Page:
LARGO — Jack Wilson spent his evenings in a blue recliner, a book in his lap and a bowl of cheese crackers and a Diet Pepsi near at hand.
Though he made sure to be there in time for Wheel of Fortune and Jeopardy, Mr. Wilson was multi-tasking between Vanna and Alex on the one hand, and authors like Louis L'Amour and A.B. Guthrie on the other.
Over 18 years, Mr. Wilson read 733 books, most of them from the Largo Public Library — nearly all of them westerns — then dutifully recorded each title in pencil in a spiral notebook.
The adventures kept him in touch with his western roots and a considerably wilder youth.
Mr. Wilson, a retired electronics worker who cultivated a life of the mind, died Feb. 17, following a long bout with cancer. He was 84.
"Jack loved Florida, but was still at heart a child of the West," said Jon Wilson, his brother by adoption and a former Times staff writer.
At age 20 or 21, according to family lore and for reasons that remain unclear, Mr. Wilson charged up the steps of the capitol building in Cheyenne, Wyo. on a horse, possibly carrying an emblem of the Lakota Sioux. That same year he bonded in a blood ritual with Walter J. Red Cloud — the grandson of Lakota Chief Red Cloud, who was a crucial leader in the battle of Little Big Horn against Lt. Col. George A. Custer and attached personnel of the U.S. Army.
He was a man of many sides. He helped support the family after a death, but also did his share of carousing.
"Very few people know this, but Jack once could play the piano very well, having taken lessons as a youngster," said Jon Wilson, who was 18 years his junior. "I can remember him coming home from a night on the town, rather the worse for wear, maybe even having been in a tavern fist fight, and sitting down at home the next night and playing something like Franz Schubert's Serenade.
"He might just as easily play something as varied as Hank Williams' Cold, Cold Heart."
Mr. Wilson arrived in St. Petersburg with his first wife and family in 1956 and worked in quality control for an electronics firm. Though fond of long-winded shaggy-dog jokes, he impressed others as a quiet man most comfortable with a fishing pole in his hand. In 1975, he owned a Gulfport bait shop with Mary, his wife since 1968.
"Snook was our passion," said Mary Wilson, 81. "We waded out with the sharks and everything." They moved to Largo 19 1989, where Mr. Wilson began devouring westerns from the library.
The genre echoed his bloodlines. A family geneaolgist discovered that he descended from an 18th-century Scotch-Irish frontiersman on one side; and on the other, a Norwegian sailor who arrived in Nebraska in a covered wagon. A grandfather dealt poker to gold prospectors in Cripple Creek, Colo. in the 1890s.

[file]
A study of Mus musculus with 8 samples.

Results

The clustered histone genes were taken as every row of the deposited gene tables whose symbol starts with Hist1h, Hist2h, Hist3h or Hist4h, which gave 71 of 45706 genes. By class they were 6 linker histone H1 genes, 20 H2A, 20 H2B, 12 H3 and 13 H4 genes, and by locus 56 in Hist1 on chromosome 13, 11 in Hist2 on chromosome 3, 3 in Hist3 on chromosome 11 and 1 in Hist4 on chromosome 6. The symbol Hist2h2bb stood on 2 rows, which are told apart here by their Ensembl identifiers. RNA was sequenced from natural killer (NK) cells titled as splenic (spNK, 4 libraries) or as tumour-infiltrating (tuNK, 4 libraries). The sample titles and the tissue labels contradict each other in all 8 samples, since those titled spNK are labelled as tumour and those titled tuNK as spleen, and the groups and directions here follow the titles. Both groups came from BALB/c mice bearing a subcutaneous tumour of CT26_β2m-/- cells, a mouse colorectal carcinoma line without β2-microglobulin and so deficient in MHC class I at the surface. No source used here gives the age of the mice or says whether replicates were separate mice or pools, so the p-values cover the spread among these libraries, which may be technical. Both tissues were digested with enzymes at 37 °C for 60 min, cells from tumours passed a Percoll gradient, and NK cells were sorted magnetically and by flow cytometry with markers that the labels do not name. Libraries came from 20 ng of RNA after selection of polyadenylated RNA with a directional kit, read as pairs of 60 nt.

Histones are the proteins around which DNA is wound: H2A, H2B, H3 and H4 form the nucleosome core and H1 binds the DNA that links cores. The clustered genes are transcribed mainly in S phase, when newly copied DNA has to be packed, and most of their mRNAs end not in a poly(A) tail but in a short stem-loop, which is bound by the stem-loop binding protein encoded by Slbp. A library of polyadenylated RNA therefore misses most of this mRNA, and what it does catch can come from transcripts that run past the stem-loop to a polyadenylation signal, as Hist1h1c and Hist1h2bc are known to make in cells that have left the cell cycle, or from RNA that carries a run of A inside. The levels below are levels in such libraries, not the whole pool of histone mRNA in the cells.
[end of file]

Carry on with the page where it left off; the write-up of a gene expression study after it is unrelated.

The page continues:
Mr. Wilson got a taste of adventure aboard a Navy submarine chaser at the end of World War II. He met Red Cloud at Cheyenne Frontier Days, a large rodeo and western-themed celebration.
He returned to the West in retirement, taking several trips with his wife in a motor home. At an Oregon bookstore in 1996 he met western writer Terry C. Johnston, who authored more than 30 novels. After discussing his work and signing several of his books for Mr. Wilson, Johnston went a step further.
On a slip of blue paper decorated with a lighthouse and seagulls, he wrote a message for Mr. Wilson to keep.
"As the fickle spirits of the earth and sky conspire to rob a man of his soul, we rediscover that tiny flicker of the Almighty within all of us who refuse to give up," the note read.
He kept the note folded in his wallet for the rest of his life. His wife found it there last week, days after he died at Largo Medical Center following lung cancer, strokes and, finally, pneumonia.
She will hang on to the spiral notebook in which her husband logged the books he had read.
The last western he read was West of Quarantine, by Todhunter Ballard. The entry is dated June 17, 2007, the same year the book was published.
When he closed the cover for the last time, Mr. Wilson had read all of the westerns on his to-do list.
"There might have been a few (westerns) left, but he didn't want to read those," his wife said.
He never went back to the library.
Andrew Meacham can be reached at (727) 892-2248 or firstname.lastname@example.org.